Yoruban Esu Dance Staff
This is something stumbled across and I thought it would be interesting to share the information I have gathered with you.
Serving as a dance staff, priestly insignia, and altar sculpture, this Yoruba object honors the deity Esu (a orisha), divine mediator and transformer of destinies, protector of travellers and the deity of roads. Esu, also known as Elegba or Eshu, plays a role in the Yoruba pantheon of orisa, or "spirit beings."
As spirit messenger and intermediary, Esu bears offerings and prayers to the god of divination, Orunmila or lfa. The Ifa system of divination reveals the cause of and solutions to the problems that arise in one's life journey.
One of the praise names of Esu is the Roadmaker, who opens the way through correct ritual. As an activator of forces that transform and reshape, Esu is unpredictable and can create confusion, deception, and conflict.
This dance staff is a fab example of Yoruban ways of life. When set in motion by a priest dancing in homage to Esu, the strands of cowrie shell, money and other attachments visually emphasize the musical beats and the dancer's movements.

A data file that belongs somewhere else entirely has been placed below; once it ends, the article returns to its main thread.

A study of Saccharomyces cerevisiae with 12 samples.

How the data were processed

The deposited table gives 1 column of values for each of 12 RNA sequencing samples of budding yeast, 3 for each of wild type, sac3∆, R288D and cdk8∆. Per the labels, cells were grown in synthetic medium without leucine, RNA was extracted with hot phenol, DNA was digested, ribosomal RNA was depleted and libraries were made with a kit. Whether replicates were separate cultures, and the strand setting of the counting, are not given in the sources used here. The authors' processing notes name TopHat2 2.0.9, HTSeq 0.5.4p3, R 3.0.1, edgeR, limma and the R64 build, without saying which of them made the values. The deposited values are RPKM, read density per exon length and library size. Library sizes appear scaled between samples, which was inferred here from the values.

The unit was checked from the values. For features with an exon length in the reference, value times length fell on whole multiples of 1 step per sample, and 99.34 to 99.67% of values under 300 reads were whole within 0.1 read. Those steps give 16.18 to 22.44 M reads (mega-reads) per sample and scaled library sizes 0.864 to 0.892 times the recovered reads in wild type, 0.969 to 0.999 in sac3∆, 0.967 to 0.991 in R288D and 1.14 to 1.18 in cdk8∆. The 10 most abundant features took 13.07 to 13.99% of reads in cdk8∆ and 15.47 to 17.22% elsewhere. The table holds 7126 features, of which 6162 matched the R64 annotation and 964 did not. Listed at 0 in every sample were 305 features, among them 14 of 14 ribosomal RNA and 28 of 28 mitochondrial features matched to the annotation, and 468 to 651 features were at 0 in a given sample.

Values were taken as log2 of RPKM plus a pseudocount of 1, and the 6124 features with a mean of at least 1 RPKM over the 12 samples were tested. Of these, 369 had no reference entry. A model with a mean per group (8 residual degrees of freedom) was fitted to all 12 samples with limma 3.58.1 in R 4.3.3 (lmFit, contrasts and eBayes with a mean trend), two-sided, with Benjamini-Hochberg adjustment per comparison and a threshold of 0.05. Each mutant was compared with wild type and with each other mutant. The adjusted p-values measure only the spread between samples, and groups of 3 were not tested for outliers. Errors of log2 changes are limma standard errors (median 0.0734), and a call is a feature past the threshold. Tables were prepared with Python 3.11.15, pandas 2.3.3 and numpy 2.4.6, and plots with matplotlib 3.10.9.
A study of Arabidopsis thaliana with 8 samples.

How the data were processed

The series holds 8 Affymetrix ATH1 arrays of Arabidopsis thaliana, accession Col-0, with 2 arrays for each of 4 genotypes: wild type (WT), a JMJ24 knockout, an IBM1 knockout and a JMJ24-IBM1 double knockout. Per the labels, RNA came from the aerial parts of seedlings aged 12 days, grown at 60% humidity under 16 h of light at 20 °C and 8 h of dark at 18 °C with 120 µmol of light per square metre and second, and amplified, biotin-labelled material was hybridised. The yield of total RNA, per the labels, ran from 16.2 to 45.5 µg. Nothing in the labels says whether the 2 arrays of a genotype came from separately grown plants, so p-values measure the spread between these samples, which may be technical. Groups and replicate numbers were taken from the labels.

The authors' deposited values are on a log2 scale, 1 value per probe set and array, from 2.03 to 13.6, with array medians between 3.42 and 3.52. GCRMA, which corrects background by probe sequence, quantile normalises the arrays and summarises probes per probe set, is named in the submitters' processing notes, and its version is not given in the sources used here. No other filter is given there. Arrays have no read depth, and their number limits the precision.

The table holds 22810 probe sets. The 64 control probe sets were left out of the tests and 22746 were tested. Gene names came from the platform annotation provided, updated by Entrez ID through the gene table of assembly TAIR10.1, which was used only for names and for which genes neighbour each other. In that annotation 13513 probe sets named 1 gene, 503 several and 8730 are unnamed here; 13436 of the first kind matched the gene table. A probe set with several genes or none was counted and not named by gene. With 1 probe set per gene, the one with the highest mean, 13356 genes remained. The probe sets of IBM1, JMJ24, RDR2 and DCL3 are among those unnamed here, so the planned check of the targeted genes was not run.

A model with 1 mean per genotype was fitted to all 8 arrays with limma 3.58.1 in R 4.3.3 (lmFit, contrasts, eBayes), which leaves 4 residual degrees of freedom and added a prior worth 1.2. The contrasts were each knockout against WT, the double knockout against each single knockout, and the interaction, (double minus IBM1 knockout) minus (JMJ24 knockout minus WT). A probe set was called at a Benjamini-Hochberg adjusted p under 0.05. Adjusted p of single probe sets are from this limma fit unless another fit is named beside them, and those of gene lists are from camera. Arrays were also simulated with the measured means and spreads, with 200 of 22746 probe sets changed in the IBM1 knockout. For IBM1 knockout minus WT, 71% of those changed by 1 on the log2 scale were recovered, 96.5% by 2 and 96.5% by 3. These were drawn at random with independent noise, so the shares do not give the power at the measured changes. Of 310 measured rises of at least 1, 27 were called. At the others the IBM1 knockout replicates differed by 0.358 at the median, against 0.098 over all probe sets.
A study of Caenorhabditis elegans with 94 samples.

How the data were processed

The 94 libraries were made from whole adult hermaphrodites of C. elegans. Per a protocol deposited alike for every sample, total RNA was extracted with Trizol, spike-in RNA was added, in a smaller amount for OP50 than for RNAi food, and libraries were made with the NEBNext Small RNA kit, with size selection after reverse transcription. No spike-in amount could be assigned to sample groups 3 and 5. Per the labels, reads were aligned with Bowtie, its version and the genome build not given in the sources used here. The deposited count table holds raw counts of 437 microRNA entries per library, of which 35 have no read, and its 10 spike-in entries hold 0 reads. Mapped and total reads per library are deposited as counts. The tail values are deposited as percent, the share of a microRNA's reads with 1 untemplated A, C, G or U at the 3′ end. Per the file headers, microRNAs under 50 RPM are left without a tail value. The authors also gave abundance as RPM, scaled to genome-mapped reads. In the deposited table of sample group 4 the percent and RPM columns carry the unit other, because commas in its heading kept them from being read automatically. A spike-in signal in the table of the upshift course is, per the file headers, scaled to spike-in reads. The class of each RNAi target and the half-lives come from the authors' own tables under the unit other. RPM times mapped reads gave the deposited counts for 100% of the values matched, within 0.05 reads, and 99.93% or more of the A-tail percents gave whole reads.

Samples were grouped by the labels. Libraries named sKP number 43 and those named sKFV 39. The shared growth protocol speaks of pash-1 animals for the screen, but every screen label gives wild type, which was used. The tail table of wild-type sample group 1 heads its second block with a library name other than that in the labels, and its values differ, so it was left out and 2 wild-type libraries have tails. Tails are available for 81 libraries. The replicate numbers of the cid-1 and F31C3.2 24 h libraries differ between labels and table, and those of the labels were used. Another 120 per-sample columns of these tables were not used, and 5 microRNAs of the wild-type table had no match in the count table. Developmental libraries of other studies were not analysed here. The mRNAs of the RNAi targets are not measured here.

Even when the staff is resting on an altar, its kinetic nature is suggested in the fluid strands of cowries, coins, and shells symbolizing the flow of wealth that homage to Esu can provide.
Each object has a particular meaning or reference, from the carved flute seen at the left back (an allusion to Esu's messenger role) to the stuffed and braided medicinal packet at left-center (indicating spiritual and temporal powers).
Invoking the dynamic relationship of earthly and metaphysical powers, the sculptor offers a visual pun in the formal interplay of Esu's knifelike hair braid, the rigid tube sack of medicine he holds out for display, and the thrust of the elongated phallus. In Yoruba cosmology, the head is the seat of spiritual or individual power.
Hope you found that at least mildly interesting, especially if you are into the Yoruban religion on their ways of life.